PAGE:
So one of the things people aren't noticing about Seattle getting a team is where it is located in the United States. The NHL doesn't have a team in the Northwestern USA. They have the Canucks in that area, but that is obviously in Canada.
So why is this important? The NBC deal is coming up after the 2021 season, which also happens to be when Seattle is planning on entering the league (pending a possible lockout of course).
Having a team in all four corners of the USA is imperative for the NHL if they want a better TV deal in the United States. Right now they are near the end of a 10-year, $2 billion deal with NBC after regrowing the brand after the 2005 lockout. The hope on the NHL side is to create a bidding war with ESPN for the coverage and gain some more media money.
In the early days when the NHL first tried to get a national TV deal it was the original 6 days where it was mostly in the Northeastern USA. The networks laughed in the owners faces because it was essentially a regional sport. That's why the league doubled in it's first expansion in 1967 so it can say it was coast-to-coast.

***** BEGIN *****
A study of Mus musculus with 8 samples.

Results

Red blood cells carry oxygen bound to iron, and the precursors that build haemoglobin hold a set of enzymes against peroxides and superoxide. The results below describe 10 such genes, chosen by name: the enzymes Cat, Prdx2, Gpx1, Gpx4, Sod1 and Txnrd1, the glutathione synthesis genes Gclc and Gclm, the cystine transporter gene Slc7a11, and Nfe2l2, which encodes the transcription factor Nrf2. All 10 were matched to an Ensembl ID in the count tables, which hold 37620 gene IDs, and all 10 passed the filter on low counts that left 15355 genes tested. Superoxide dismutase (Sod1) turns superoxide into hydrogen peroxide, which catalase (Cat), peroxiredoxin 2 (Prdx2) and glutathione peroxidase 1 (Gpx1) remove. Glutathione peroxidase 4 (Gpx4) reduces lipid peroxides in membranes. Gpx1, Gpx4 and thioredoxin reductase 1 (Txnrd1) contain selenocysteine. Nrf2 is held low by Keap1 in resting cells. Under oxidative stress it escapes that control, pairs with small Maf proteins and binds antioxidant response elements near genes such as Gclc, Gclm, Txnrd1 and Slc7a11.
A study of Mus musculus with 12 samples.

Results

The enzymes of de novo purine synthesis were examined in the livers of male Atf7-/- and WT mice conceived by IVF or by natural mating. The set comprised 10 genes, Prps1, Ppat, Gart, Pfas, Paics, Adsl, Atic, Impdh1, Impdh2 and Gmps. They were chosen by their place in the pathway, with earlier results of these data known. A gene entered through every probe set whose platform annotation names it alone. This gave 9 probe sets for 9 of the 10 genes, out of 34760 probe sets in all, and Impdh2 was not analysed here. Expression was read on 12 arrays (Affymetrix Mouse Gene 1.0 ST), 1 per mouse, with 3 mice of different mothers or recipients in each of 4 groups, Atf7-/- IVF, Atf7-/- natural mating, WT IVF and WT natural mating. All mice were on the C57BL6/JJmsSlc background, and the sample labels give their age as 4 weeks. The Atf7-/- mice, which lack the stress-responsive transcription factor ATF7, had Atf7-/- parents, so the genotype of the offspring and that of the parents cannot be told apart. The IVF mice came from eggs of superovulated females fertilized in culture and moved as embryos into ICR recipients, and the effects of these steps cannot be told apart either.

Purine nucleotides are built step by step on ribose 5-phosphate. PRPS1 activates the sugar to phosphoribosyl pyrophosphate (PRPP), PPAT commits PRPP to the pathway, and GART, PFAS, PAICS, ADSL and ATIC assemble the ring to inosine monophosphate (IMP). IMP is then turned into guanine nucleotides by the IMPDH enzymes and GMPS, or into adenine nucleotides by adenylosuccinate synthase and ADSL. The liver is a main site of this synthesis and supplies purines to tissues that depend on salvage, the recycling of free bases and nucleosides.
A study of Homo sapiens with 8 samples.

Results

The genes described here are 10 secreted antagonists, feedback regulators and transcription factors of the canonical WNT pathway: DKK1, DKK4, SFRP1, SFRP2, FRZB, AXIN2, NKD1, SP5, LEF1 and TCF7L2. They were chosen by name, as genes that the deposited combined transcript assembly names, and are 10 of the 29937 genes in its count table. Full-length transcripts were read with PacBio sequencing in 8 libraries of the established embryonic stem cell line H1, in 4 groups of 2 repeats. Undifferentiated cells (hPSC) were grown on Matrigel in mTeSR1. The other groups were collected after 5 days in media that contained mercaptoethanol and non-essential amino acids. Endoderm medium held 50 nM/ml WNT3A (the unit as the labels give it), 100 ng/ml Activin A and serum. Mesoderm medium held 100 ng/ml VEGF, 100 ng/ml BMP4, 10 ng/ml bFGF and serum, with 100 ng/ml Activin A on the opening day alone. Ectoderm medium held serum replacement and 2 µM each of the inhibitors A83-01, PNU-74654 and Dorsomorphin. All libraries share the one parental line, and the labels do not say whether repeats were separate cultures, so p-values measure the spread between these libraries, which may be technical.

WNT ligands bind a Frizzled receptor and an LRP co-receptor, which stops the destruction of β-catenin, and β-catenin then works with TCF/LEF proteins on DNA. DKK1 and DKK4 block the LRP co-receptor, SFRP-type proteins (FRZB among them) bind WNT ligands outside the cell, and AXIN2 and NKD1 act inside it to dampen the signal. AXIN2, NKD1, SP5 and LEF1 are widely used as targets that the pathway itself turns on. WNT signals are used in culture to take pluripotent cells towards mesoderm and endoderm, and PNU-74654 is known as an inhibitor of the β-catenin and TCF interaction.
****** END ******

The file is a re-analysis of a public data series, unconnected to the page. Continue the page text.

In a similar context, it is also the reason why it fought so hard to keep Arizona where they are. Had the Coyotes moved to Hamilton in 2008-2010, they wouldn't have had a market in the Southwestern part of the USA, which would have hurt their deal with NBC in 2011. Now, however, Vegas being a much stronger market in that area, I'm not sure the NHL would oppose the Coyotes moving. (See Houston)
As far as Quebec goes, they will never expand there. The purpose of expanding is to create new fans in new markets. Quebec is not a new market nor are they new fans. The fact is, whether or not a team comes back to Quebec City, the population there is already consuming the NHL. There is no pressure for them to move there because of that.
However, just as it was with Winnipeg, should a team in trouble need to move (specifically in the East), they will be the first choice. In the West, Houston will be the first choice if there is relocation just due to the logistics in the schedule re-alignment. Also it was one of the biggest markets in the States that doesn't have a team, and has a history with hockey in the Houston Aeros. The only reason it isn't already there is because Les Alexander (former owner of the Rockets), was upset when he failed to buy the Edmonton Oilers and move them to Houston. He put a clause in his lease with the arena saying if an NHL team moves in that isn't owned by him, the Rockets lease becomes null and void.
So yeah, a little bit of a history lesson, but the point is it all comes down to money and timing.